The goal of the Tornator’s Biodiversity Program is to safeguard and increase the biodiversity of forests by introducing new measures, increasing the amount of active nature management and the protection of valuable areas, continuing with the effective stakeholder cooperation, as well as monitoring the biodiversity effects of the measures.
Measures under the Biodiversity Program not only improve the status of endangered forest species and habitats, but also promote ecosystem services and water protection, game management and mitigation of climate change.
Tornator’s business plan is for 100 years
We manage our forests over generations ensuring the long-term sustainability. To Tornator, securing biodiversity has always been part of our normal, everyday work.
We will protect 5,000 hectares of valuable natural sites
Ensuring the biodiversity of species and habitats requires the nature management of commercial forests as well as the protecting of valuable habitats and habitats home to endangered species.
We will take 200 active measures to improve forest and aquatic habitats
Habitat management supports habitats whose natural values have declined, for example because of habitats becoming overgrown or due to human activity. Such habitats may include herb-rich forests, sunlit habitats, burnt areas, areas taken over by invasive species as well as flowing-water and spring restoration sites.
We will restore 3,000 hectares of mire habitats
Mire restoration is important for safeguarding not only biodiversity, but also the ecosystem services the mires provide. In addition to biodiversity benefits, mires sequester and store carbon, balance out the impact of flooding, filter and purify water, and provide berries and game.
Protective thickets at all stages of forest management
Protective thickets are small-scale groups of brush and trees of varying sizes, left untouched in forest management. They add structural diversity to the forest and provide shelter, food and nesting sites for forest species.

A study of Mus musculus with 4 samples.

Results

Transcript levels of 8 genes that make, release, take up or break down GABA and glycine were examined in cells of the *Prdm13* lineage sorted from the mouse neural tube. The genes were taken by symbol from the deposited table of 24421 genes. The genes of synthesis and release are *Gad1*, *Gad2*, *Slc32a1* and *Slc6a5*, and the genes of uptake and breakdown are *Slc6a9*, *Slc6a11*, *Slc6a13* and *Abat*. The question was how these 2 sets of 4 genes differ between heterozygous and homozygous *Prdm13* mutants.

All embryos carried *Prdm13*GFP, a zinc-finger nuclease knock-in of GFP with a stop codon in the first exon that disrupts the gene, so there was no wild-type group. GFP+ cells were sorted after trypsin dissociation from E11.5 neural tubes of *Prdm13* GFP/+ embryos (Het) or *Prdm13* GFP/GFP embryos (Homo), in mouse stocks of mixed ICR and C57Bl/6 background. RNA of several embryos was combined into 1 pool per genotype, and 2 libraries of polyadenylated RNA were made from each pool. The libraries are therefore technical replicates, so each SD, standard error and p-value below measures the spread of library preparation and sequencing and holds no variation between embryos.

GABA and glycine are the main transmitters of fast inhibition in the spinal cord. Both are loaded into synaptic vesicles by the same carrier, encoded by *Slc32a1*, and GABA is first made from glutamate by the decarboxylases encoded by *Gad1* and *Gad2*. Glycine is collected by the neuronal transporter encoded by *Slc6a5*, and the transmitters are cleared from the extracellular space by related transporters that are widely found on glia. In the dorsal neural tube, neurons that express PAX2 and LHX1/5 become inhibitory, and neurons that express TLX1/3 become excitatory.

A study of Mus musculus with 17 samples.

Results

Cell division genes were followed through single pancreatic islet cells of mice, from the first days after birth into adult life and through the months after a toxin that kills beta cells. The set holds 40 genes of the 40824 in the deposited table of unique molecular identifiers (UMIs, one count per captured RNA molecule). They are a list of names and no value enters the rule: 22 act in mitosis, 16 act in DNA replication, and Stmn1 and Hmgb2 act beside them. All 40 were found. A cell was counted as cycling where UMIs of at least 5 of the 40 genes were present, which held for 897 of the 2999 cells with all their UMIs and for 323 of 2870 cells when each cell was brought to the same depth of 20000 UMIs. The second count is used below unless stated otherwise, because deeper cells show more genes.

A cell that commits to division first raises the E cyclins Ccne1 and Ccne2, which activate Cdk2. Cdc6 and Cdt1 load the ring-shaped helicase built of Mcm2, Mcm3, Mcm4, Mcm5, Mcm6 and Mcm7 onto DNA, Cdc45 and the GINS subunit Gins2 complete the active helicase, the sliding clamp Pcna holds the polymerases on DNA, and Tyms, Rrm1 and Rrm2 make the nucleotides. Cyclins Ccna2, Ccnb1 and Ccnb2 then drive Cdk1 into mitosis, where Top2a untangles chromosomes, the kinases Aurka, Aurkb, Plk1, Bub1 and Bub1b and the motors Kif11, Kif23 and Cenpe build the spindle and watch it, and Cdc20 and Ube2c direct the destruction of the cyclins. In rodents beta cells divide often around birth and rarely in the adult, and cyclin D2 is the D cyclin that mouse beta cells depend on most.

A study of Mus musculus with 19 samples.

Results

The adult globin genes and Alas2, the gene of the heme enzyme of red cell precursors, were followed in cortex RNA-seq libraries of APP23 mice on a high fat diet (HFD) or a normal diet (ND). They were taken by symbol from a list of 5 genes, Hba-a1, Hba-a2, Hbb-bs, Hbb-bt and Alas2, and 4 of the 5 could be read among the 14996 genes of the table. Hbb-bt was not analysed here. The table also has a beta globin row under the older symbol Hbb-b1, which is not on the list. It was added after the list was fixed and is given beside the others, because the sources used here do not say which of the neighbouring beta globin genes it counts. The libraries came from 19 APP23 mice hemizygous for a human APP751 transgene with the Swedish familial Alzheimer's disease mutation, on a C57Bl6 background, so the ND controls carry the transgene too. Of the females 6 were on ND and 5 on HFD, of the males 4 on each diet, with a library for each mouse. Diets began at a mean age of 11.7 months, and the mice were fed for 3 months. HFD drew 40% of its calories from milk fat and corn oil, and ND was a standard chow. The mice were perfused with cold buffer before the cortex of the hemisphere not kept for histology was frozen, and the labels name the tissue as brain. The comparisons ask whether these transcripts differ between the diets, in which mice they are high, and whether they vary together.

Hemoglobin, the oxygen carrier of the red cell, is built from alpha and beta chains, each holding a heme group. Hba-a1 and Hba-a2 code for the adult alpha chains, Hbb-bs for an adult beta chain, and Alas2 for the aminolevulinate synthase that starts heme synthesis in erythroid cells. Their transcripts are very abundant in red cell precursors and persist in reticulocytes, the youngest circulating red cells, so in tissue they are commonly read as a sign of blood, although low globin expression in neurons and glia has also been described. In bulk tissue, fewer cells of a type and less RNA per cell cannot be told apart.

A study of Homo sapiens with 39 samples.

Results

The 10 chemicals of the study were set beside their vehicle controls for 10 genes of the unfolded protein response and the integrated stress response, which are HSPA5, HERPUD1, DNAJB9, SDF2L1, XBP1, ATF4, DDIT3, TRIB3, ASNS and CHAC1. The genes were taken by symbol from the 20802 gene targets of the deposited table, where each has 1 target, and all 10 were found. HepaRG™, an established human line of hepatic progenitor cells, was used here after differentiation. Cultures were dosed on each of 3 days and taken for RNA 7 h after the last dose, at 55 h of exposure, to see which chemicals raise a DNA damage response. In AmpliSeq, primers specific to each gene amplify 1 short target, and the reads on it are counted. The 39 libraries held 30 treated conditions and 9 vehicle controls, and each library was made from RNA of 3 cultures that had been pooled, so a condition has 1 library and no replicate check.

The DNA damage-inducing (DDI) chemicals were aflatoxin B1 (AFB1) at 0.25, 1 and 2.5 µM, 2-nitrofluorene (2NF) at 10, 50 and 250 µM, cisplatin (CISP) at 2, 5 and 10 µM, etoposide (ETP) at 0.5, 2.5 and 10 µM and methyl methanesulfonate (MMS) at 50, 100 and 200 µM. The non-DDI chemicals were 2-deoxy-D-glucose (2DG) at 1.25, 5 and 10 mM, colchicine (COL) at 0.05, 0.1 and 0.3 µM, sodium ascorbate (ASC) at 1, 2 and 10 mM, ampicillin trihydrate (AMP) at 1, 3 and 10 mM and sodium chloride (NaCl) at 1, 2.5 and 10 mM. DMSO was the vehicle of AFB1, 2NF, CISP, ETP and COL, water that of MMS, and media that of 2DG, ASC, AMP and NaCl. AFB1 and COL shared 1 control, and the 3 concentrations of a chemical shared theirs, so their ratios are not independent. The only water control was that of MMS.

We ensure the continuity of deadwood in our forests
Deadwood is the most significant resource that increases the biodiversity of forests, as deadwood is the precondition of life for one quarter of all our forest species. In addition to the volume of deadwood, the quality and continuous availability of deadwood are key factors for the species dependent on deadwood.
Continuous cover forestry and rotary tiller soil preparation on peatlands
Continuous cover forestry means forest management without traditional regeneration fellings.
Choosing a light soil preparation method significantly reduces the destruction of deadwood and the risk of strain on water courses as well as has a lower impact on ground vegetation.
Forest management guidelines to increase the amount of mixed stands
Increasing the number of tree species increases the biodiversity of forests by increasing the number of species and individuals in forests. Broadleaved trees in particular increase the diversity of species of fungi, polypores, moss and lichens.
Monitoring the effects of the Biodiversity Program
The changes in habitats and species occur slowly so the program was chosen to last a decade. The development of biodiversity and the impact of actions are monitored through indirect indicators such as the development of structural features of forests indicating biodiversity, protection, as well as the implementation of other active biodiversity measures.